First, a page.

Life as a Black Girl

Not Letting My “Light Skin” Speak For Me

By: Aysia Bly

Have you ever been in a bathroom full of drunk girls? I mean it is like a 360 from the way women are in the outside world. I saw a post last week that made me aware to that statement. For those of you that don’t know, drunk girls in the bathroom is like “The Girls Room” set on the Amanda Barns show (yes I know a true throw back).

Everyone in that bathroom is best friends and looks out for each other. From selfies, to toilet paper on the shoe, to sharing eye liner, those girls in that bathroom form a unit.  I wish the world could be like that 24/7.  I wish we lived in a world where females, to put it plain and simple, were nice to each other. 

This year a girl named Amy from my old high school school district got murdered. No one seems to be calling it that but that’s what it is.. it is a murder. No one besides her and the girls that fought her will ever know the real cause of what happened. A boy, an argument, the color of her skin- I don’t care… the bottom line is she got killed by a group of girls who are insecure. There is no other reason for it than just that, insecurity.

This situation hit home for me because lately I have became sort of a womanist. I am all about the ways we as women can empower each other. Especially my fellow black women.  In a time when it feels black women are finally being honored and held on a pedestal by the outside world, I wish we could form a unit and hold each other to high standards as well. 

I’m all for complementing the woman who’s shoes you like, or stopping a lady on the street to say her hair is nice. The problem with our society is our black women feel they are always in competition. 

From the color of their skin, shape of their hair, length of their hair and so much more; it seems there is always a battle to be won.  You would think in a world where the black women were oppressed for so long that we would finally rejoice and be goddesses together.  But no, we compete about trivial things and break the sisterhood apart piece by piece.  Society is to blame, men are to blame and most importantly us women are the most to blame.

Recently during one of my many travel trips I was sitting in the king size hotel bed catching up on my weekly show and stuffing my face with pizza.  This one was about an NBA star, his family and their daily trials and tribulations.  The thing that drew me into this show is that it always touches on prevalent topics in our society.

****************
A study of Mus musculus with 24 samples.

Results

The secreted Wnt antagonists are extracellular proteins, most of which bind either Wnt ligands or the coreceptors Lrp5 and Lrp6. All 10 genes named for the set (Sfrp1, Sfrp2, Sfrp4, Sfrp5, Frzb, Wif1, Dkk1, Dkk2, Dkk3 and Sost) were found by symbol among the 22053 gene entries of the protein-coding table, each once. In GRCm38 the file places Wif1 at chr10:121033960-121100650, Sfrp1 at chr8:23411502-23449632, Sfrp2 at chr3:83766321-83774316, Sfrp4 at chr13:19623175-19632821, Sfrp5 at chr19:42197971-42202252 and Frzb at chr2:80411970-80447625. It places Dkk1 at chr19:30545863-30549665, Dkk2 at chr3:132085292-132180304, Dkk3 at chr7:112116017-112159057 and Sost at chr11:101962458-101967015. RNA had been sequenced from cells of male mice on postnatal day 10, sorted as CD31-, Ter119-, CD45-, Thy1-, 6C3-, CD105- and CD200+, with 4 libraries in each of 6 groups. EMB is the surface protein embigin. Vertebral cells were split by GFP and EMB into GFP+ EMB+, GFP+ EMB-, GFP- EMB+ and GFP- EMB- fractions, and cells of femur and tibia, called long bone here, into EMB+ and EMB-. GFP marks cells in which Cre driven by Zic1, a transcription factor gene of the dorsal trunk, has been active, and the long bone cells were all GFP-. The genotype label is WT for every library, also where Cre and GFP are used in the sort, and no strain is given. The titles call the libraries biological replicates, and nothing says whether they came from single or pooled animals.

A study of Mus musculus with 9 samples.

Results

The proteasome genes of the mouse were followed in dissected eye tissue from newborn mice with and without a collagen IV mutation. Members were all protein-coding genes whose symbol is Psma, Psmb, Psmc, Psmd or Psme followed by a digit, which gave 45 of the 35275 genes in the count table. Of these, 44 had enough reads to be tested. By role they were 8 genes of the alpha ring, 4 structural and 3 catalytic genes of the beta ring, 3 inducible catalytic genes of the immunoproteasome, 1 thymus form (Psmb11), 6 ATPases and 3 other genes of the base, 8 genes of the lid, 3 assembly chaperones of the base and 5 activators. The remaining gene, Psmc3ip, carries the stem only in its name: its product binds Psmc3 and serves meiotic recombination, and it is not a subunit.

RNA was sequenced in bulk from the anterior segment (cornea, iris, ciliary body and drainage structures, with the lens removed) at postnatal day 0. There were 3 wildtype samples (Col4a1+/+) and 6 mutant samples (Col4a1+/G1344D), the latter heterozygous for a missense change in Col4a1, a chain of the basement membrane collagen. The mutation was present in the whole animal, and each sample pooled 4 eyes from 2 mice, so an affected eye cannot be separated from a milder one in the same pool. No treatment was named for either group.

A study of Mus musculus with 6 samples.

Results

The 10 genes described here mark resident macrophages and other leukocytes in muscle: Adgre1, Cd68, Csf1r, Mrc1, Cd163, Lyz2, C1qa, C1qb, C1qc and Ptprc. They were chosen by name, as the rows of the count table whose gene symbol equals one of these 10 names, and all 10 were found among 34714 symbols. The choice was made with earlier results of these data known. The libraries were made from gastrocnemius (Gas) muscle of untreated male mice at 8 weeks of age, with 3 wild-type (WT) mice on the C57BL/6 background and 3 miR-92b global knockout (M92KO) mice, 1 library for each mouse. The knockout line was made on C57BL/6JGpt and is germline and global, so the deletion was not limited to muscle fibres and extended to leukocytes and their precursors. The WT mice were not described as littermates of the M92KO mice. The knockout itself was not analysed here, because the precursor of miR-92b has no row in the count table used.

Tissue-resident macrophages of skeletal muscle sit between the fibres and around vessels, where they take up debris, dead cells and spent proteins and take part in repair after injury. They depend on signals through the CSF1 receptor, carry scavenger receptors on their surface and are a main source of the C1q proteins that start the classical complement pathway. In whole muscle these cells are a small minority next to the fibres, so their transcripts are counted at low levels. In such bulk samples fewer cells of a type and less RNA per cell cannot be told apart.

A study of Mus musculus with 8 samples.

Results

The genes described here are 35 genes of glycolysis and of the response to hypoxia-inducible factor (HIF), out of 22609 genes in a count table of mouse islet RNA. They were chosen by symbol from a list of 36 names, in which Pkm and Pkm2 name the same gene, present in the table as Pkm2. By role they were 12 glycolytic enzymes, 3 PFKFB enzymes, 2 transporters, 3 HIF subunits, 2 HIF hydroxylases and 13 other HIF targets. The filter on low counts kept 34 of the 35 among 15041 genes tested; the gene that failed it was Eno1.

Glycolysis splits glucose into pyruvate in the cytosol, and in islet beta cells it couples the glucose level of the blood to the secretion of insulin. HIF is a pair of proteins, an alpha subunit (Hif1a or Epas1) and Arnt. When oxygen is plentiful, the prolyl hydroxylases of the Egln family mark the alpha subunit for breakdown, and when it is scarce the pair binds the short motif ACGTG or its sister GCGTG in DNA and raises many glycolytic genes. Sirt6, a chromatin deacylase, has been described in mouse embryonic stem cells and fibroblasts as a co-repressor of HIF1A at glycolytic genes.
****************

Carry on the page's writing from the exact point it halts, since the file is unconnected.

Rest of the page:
This episode there was a scene related just to this topic.  The director of a modeling shoot was upset because due to scheduling issues, the model she hand chose could not make it, and her replacement was exactly what she was NOT looking for.  The director envisioned someone that would have empowered her younger self if she was to see the picture then.  Someone who was bold, smart, sexy- and “brown”. The model they sent was bold, smart, sexy- and “light”. 

When I was younger I thought being “light skin” was great.  My skin was easy on the eyes.  I was called pretty all the time.  My skin tanned. The list could go on.  But at 11 years of age I didn’t realize the danger that though process held.  I didn’t realize the segregation I was forcing between me and my equivalent black sister.  

To sit here and say I don’t see light skin versus dark would be a lie.  That would be the equivalent to what we now call white privilege.   The inability to see inequality because you are blinded by your own success and well- fortunes. I do see light skin versus dark skinned and not because I created these ideas, but because they were fed to me.  

Fed by society, fed by boys, fed by other girls, fed by adults, and even fed by children.  When I used to work in childcare, you could stand back and watch the way the little black girls clung to women that were lighter skin, had long hair, etc.  The whole nature versus nature thing is a different topic, but one thing is for certain society creates ideas and it spreads like wildfire.  Way back when, society created this idea that having lighter skin made you invaluable.  

Way back when, society didn’t realize the low self esteem little brown girl watching then, would be the furious adult brown woman having self- esteem battles now.  But see us “light skin girls” we have a battle too. Because I have to fight with you, my sister, because of something I cannot control.  But I will not apologize for the saturation of my skin.

I will not apologize because there’s this belief that society favors me.  But I will apologize that you feel oppressed.  I will apologize that you feel you are less worthy than me.  Because whether light or dark you are a black queen.  

The boys have a saying “bros before…” well you know how it goes, us women do not have that. No matter what we do as females we compete.  And quite frankly, I am tired of fighting with my black sister.  So here’s to creating our own Woman Crushes and not waiting for any man to do it.  Here’s to loving the skin we are in and not letting society have a vote.  Here is to you.  My equivalent, BLACK SISTER.